Dr. Martin Wieland
Published: 13/05/2014at 12:20 AM
At the end of the editorial "Quake gives wake-up call" the following statement is made: "The Chiang Rai quake also put into question many new dam projects that increase the risk of earthquakes because they are sitting right on active fault lines."
For dams located on faults, the seismic hazard comprises ground shaking and fault movements.
The maximum magnitude of earthquakes in the north of Thailand can be estimated as the maximum observed magnitude plus 0.5.
Based on the recent magnitude 6.3 Chiang Rai earthquake, one could estimate a magnitude 6.8 earthquake as the upper limit of that region.
Such earthquakes with a shallow focus create surface ruptures. The fault movements may be in the order of one metre. As concrete dams are vulnerable to fault movements they should not be built there.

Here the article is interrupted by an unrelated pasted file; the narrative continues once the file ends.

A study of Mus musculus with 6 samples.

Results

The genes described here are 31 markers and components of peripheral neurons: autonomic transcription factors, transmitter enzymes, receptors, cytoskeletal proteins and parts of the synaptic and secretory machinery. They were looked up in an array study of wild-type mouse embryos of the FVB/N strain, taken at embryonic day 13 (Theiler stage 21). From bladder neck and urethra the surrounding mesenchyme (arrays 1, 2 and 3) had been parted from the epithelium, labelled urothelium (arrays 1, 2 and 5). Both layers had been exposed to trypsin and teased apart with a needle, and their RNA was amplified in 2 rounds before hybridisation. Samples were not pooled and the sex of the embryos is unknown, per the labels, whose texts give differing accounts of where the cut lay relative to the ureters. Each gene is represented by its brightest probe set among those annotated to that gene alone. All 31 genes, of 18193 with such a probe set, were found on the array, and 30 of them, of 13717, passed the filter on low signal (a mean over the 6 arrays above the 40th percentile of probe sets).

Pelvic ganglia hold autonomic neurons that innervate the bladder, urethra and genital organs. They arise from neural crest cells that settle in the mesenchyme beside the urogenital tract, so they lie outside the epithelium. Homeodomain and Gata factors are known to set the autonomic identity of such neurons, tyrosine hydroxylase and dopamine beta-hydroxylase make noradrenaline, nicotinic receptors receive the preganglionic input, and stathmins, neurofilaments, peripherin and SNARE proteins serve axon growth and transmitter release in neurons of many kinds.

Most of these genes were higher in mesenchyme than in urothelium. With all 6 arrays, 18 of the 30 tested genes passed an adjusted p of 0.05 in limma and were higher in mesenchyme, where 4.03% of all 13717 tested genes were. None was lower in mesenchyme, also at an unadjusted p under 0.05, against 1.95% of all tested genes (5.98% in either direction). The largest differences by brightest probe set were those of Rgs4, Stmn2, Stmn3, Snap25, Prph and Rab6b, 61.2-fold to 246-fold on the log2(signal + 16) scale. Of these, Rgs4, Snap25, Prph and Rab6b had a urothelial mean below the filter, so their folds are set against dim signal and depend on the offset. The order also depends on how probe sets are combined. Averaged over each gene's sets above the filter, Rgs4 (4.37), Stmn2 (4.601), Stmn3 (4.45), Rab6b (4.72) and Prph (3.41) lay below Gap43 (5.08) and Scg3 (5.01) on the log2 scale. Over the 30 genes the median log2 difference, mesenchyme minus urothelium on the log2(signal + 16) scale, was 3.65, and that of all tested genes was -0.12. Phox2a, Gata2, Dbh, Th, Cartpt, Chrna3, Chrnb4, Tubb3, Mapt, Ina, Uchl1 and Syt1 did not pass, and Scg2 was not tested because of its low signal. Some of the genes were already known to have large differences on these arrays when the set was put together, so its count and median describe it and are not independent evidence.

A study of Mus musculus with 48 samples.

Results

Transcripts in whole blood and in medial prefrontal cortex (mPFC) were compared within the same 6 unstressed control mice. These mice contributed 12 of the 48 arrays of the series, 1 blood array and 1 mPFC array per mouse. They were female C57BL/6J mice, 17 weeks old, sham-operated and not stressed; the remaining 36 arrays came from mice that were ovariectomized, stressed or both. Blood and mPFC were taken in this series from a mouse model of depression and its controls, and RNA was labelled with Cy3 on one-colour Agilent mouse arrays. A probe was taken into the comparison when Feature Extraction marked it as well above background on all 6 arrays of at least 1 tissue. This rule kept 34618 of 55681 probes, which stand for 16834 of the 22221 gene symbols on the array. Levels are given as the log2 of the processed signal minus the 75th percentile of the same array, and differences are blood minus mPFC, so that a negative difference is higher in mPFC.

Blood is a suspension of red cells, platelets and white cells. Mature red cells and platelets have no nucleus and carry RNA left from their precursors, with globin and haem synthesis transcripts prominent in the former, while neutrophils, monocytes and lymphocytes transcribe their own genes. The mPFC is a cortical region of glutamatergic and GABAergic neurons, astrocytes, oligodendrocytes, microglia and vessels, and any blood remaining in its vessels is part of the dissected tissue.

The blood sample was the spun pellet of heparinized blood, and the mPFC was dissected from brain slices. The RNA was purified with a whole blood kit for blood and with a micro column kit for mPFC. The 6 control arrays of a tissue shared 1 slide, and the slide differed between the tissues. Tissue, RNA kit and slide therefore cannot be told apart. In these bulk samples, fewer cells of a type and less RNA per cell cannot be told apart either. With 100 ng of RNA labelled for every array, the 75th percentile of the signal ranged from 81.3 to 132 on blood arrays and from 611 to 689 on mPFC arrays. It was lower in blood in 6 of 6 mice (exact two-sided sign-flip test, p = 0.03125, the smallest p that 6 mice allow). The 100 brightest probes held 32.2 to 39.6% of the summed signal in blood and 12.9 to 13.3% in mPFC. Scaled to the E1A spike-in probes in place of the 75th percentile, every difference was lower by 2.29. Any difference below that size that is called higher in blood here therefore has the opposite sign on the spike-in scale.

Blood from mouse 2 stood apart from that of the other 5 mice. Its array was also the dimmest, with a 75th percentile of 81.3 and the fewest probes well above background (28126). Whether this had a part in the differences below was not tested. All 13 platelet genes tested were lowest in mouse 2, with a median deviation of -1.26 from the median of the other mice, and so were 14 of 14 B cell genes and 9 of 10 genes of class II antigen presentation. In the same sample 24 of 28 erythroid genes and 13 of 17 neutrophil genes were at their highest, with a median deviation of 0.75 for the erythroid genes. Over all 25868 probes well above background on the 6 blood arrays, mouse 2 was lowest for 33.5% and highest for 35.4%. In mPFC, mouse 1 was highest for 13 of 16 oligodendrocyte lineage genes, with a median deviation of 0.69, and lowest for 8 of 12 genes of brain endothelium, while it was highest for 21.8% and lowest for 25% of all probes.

But conservatively designed embankment dams can cope with these movements. Therefore, if embankment dams are selected, which make up most dams in Thailand, they can still be built safely.
So these projects are not really in question from the seismic safety point of view. A greater problem may be the older dams.
Here it is recommended to carry out a seismic safety assessment taking into account up-to-date earthquake design and performance criteria.
The unsafe dams may have to be strengthened or their reservoirs may have to be lowered. Decommissioning would be the last resort.
Hardly any dam has been decommissioned due to inadequate earthquake safety.
Finally, it should be pointed out that new dams do not increase the earthquake risk as in tectonically active regions earthquakes will occur sooner or later independent of the presence of a dam.
By impounding large reservoirs, like those in Kanchanaburi province, earthquakes may be triggered but their magnitudes are much smaller than the maximum magnitudes mentioned above, which would be taken into account in designing resilient dams.